Equatorial Guinea President Teodoro Obiang Nguema. (Reuters)
The Democratic Party of Equatorial Guinea (PDGE), headed by Africa's longest serving leader, is expected to clinch an overwhelming victory.
The small central west African nation, the continent's third-largest oil producer, has been under the iron-fisted rule of Teodoro Obiang Nguema for 34 years and successive elections have been widely seen as flawed.
"These are sham elections, just like the other elections organised by the Obiang dictatorship," said Placido Mico, the lone opposition lawmaker in a Parliament where Obiang's PDGE holds 99 of the 100 seats.
Mico said he had received reports of "fraud everywhere", that Obiang party supporters were voting multiple times and in many voting stations his party's bulletins were nowhere to be seen. Polls closed at 5pm (3pm GMT).
Sunday's parliamentary and local elections follow constitutional reforms adopted after a referendum in 2011 which established a senate as well as creating the post of vice-president and limited presidential terms to two.
However it is not clear whether the law is retrospective and if Obiang will have to step down at the end of his term in 2016.
The opposition branded the referendum a masquerade aimed at cementing Obiang's power and grooming his unruly playboy son to succeed him.
Obiang's long reign
The 71-year-old Obiang came to power in the former Spanish colony after toppling his brutally despotic uncle in 1979 and having him shot.
He has been regularly re-elected, but often by default as opposition parties have boycotted elections.
In 2009 he won elections with 95% of the vote.
An attempt by about 200 opposition members to protest on May 15 was quickly quashed by police.
"I came to vote to be left alone to do business, one can't be neutral under such a regime, you have to pretend," said businessman Vicente Campanet.
Lawyer Fabian Nsue, an opposition ally, said: "It is not worth voting, the results are already known, the ruling party will get the lion's share."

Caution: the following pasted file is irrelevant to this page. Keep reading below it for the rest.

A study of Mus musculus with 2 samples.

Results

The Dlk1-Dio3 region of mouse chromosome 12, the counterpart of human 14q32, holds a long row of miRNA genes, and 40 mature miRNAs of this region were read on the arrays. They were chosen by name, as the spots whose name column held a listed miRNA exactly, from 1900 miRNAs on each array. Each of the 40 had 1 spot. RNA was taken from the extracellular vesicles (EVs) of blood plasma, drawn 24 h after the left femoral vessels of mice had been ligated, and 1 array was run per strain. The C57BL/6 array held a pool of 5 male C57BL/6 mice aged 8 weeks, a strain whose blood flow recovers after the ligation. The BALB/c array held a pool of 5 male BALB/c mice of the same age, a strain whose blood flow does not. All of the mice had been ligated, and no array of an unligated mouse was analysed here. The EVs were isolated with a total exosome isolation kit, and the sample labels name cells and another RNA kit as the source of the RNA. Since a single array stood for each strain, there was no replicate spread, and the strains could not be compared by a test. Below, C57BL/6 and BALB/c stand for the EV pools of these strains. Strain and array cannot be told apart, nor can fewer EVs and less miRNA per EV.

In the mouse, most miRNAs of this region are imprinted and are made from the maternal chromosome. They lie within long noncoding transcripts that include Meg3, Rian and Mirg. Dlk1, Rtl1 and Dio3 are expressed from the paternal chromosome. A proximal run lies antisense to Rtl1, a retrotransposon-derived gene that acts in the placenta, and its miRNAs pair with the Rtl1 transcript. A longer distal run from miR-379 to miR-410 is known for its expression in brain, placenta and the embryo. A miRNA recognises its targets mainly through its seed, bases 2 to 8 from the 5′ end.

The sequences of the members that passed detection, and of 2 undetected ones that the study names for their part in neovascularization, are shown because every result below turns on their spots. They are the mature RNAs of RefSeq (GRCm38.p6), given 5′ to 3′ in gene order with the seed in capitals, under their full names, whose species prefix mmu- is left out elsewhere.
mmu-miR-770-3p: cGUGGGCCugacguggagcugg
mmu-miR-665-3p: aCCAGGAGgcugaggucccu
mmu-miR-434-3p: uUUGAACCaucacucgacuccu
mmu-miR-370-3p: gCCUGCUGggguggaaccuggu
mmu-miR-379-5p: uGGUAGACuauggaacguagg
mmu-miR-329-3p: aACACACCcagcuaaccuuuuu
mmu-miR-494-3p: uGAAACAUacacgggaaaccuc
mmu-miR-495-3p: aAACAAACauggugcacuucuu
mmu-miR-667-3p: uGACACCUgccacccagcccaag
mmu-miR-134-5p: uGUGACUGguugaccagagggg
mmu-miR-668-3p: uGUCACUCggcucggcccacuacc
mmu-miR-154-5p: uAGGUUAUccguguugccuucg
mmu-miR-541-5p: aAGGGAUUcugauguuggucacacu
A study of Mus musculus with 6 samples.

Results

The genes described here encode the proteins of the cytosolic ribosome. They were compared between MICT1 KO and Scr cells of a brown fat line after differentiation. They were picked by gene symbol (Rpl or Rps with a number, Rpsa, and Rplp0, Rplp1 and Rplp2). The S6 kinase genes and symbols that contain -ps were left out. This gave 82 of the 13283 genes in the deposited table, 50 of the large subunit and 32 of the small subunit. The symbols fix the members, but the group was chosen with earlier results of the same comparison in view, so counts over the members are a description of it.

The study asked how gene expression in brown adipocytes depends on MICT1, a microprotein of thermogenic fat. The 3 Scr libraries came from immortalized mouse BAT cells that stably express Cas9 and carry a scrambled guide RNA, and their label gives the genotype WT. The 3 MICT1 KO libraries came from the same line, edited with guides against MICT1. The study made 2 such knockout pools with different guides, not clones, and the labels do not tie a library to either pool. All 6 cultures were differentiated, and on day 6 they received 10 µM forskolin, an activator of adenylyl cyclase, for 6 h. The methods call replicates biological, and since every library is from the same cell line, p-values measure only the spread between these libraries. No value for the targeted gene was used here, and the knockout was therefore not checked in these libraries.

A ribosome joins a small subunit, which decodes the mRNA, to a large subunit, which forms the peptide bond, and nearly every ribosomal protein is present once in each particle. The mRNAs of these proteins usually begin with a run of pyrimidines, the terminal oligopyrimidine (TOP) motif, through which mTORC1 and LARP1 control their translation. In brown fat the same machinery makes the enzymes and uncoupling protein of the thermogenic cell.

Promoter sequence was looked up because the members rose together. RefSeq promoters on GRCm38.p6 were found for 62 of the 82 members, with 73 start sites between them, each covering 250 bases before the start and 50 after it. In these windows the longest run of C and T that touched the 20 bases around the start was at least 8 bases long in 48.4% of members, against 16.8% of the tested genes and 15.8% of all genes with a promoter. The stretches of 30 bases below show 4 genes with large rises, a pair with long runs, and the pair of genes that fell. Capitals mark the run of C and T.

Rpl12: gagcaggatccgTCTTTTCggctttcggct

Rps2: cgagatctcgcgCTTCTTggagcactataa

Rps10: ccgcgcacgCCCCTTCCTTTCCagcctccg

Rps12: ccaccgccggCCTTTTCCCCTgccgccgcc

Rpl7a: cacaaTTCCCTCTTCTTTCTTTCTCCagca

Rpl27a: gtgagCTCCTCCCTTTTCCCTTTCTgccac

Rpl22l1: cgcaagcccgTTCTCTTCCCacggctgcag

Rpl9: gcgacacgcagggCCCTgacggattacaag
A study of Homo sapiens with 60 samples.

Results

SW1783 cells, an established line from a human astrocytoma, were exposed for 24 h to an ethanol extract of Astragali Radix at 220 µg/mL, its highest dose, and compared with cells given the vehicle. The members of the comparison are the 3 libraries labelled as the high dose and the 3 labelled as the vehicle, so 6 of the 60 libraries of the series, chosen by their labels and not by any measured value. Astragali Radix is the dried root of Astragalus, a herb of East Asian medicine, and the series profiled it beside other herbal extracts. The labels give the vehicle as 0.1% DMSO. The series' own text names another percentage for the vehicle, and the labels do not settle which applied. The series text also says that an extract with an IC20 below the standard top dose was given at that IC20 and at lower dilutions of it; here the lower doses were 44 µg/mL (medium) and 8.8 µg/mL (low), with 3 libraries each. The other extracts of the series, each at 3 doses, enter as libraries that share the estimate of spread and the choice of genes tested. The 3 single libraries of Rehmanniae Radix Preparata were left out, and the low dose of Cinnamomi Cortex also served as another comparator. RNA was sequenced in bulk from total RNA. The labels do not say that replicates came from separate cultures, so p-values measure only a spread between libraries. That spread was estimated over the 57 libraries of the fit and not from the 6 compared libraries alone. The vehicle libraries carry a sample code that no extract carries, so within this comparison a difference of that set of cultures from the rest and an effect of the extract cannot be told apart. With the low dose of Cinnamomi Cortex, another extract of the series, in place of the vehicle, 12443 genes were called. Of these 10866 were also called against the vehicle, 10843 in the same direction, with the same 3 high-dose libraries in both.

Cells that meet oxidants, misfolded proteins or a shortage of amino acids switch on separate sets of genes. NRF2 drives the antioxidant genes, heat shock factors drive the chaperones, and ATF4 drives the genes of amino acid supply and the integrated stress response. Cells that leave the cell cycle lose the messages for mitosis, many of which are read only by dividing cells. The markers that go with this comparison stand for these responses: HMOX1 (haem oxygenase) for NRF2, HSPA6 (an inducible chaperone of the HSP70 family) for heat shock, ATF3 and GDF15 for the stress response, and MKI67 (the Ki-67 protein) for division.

The country – partially on the African mainland and also including several islands, one of which is home to Malabo – has long been seen as one of the most corrupt and autocratic on the continent.
Since striking oil in the early 1990s, it is now also one of the richest – although more than two thirds of the country lives under the poverty line.
Obiang has attempted to use the windfall to improve his much-maligned image and raise his country's profile.
Billions of dollars have been poured into infrastructure in the capital.
For an African Union summit in 2011 government built the new city of Sipopo, including a mansion for each of the 52 heads of state, a resort spa and a golf course.
Obiang also co-hosted the African Cup of Nations in 2012 and offered up his oil millions to finance a Unesco science prize bearing his name to contribute to research into Aids, tuberculosis and malaria.
When Unesco bowed to pressure from rights campaigners and refused to award the prize, Obiang dispatched his unruly scion as permanent deputy envoy to the United Nations body in apparent retaliation.
The 41-year-old Teodoro Obiang Mangue, nicknamed Teodorin, is best known for his $31-million Malibu home, a fleet of luxury sports cars and a valuable collection of Michael Jackson memorabilia.